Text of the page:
ACA helped reduce out-of-pocket costs: JAMA
A new JAMA Internal Medicine study found the Affordable Care Act led to reduced out-of-pocket spending, especially for low-income Americans. That said, many people still feel the burden of high out-of-pocket costs and premium spending.
The report also concluded medical expenses continue to “consume a large share of many families’ incomes and compound income inequities.”
The researchers warned that repealing or reversing gains made by the ACA would “especially harm poor and low-income Americans.” Premiums will likely increase for people in the exchanges if healthier people leave the exchanges, they warned.
The study looked at how the ACA affected out-of-pocket expenses and premium contributions. In a review of spending data from more than 83,000 Americans, the researchers, led by Dr. Anna L. Goldman of the Cambridge Health Alliance, found that out-of-pocket spending dropped by about 12% in the first two years after the ACA “insurance expansions.”
This was driven by Medicaid expansion and cost-sharing reduction (CSR) and premium subsidies that help lower-income people with plans in the ACA exchanges. Premium contributions also increased by 12%, mostly because of large increases in the higher-income group. Total health spending by households decreased in the Medicaid-eligible population by 16%.
Though medical expenses consume a large share of family incomes “and compound income inequities,” the study authors said there are ways to reverse that trend. The report suggested expanding Medicaid to all states, increasing CSR and premium subsidies and increasing the actuarial values of exchange plans.
Those policies don't seem likely, given Republican opposition to Medicaid expansion in many states and the party's opposition to boosting the CSR payments in Congress.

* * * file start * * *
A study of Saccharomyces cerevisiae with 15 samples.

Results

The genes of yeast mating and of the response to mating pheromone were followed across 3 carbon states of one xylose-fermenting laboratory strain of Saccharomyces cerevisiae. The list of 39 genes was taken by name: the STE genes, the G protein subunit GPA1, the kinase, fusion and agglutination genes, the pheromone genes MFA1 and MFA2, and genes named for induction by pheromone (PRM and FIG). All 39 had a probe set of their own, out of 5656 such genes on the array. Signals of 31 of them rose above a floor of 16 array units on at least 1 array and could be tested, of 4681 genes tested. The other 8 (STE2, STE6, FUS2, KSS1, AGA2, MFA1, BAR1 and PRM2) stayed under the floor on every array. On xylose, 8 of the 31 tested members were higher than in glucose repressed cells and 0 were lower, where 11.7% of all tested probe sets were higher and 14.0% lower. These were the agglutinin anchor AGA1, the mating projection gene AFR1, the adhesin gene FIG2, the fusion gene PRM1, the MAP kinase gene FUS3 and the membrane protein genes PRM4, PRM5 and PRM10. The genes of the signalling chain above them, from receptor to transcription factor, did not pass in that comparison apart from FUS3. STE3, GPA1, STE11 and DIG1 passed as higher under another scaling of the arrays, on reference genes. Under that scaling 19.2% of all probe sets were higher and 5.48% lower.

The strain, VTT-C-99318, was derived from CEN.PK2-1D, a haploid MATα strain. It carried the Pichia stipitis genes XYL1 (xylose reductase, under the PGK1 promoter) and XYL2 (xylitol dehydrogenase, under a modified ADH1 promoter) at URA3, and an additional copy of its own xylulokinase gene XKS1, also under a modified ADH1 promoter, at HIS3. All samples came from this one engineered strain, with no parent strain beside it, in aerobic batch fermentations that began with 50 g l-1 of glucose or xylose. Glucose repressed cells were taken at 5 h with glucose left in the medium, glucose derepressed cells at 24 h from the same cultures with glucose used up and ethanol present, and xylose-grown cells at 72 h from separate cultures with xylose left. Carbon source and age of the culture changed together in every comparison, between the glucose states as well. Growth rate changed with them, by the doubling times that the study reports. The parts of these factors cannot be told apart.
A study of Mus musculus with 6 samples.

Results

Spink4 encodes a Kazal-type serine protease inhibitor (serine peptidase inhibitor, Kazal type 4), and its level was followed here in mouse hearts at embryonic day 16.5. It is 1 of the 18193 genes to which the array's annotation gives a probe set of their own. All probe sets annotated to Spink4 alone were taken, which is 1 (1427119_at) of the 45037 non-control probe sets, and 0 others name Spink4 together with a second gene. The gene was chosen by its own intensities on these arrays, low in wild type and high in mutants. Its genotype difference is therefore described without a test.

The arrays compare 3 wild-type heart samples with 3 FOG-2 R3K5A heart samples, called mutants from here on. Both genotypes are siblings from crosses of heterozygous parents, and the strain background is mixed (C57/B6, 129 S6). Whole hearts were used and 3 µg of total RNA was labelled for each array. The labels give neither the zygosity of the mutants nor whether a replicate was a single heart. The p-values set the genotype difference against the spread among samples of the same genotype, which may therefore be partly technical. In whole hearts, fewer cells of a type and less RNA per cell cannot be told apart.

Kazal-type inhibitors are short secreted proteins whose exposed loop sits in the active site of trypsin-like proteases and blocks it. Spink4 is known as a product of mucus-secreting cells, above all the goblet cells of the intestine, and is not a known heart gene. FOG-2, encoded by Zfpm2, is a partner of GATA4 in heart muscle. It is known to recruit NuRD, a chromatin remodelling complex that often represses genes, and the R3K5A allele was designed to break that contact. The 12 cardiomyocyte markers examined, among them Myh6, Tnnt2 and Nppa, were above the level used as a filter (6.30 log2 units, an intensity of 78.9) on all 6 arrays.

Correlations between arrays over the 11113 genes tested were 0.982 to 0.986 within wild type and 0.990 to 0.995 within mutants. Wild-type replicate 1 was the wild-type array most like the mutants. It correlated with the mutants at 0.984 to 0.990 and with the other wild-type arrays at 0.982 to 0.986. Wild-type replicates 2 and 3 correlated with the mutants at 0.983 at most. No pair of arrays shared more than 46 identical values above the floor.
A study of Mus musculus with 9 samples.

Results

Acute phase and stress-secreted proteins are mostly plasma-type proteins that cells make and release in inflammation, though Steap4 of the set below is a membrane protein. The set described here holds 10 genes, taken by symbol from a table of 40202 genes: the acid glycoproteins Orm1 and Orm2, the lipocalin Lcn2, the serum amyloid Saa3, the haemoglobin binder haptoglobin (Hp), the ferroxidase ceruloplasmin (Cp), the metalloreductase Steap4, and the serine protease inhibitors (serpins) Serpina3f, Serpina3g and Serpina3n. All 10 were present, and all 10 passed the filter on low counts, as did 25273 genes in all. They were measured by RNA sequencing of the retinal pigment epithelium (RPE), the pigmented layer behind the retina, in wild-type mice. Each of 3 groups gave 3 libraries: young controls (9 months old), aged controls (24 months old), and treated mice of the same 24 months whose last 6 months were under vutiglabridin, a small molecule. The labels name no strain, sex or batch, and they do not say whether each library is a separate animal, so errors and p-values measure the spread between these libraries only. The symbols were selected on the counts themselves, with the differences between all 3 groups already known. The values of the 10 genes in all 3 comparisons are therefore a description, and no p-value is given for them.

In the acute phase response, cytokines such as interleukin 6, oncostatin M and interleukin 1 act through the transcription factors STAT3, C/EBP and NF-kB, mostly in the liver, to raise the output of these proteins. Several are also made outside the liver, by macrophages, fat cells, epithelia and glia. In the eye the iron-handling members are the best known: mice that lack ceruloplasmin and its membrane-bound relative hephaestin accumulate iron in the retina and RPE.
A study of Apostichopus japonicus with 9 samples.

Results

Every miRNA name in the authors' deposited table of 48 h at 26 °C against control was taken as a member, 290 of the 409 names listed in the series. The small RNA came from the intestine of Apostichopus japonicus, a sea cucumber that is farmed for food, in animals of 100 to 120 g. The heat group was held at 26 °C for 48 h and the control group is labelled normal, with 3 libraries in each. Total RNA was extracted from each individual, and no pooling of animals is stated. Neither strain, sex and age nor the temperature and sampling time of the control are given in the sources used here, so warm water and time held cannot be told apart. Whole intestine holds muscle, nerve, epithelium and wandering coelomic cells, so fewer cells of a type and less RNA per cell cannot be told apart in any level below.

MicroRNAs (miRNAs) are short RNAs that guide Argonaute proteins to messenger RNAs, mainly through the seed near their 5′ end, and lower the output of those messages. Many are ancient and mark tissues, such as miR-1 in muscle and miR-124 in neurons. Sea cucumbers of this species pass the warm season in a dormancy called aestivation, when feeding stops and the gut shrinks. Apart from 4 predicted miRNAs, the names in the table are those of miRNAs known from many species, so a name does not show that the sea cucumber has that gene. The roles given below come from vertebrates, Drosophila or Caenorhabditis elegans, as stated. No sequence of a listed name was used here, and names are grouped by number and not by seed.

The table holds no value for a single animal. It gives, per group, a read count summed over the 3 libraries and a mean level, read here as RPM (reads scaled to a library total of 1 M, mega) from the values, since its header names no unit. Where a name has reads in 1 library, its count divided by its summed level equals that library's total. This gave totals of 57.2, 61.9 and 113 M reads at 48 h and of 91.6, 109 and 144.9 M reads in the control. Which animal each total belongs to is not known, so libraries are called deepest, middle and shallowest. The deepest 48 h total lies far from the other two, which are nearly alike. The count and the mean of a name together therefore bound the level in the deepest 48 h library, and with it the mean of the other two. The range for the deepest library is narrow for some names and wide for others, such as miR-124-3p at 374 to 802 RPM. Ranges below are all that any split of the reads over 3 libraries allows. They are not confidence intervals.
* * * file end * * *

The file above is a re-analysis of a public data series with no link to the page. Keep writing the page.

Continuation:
Another policy they suggested has an even less likely chance of coming to fruition.
“International experience suggests that a universal, comprehensive national health insurance program would most effectively reduce household spending and ameliorate disparities.”
The ACA remains a divisive law. The Republican Congress took multiple whacks at it last year, and did succeed in removing the law’s individual mandate penalty.
Meanwhile, President Donald Trump is working to weaken the program. Trump has made no attempt to hide his desire to sabotage the law, including the allowance of states to sidestep the law’s 10 essential health benefits and expanding short-term catastrophic plans and association health plans.
Another piece of the ACA remains up in the air — the CSR payments to insurers. The payments help contain out-of-pocket costs for lower-income people in the ACA exchanges. Trump stopped the payments last year, though some in Congress have since discussed proposals to fund the payments. It’s still a question whether Congress will agree to pay the CSR subsidies.
At the same time, some experts say the CSR payments aren’t as critical for payers as previously believed. In fact, Goldman Sachs, S&P Global Ratings and A.M. Best all recently predicted that payers will exceed previous expectations in the ACA exchanges in 2018.
A.M. Best said most payers already received a large portion of their CSR payments for the year and many state regulators allowed plans "to adjust premium rates prior to the open enrollment to avoid a potential negative financial impact.”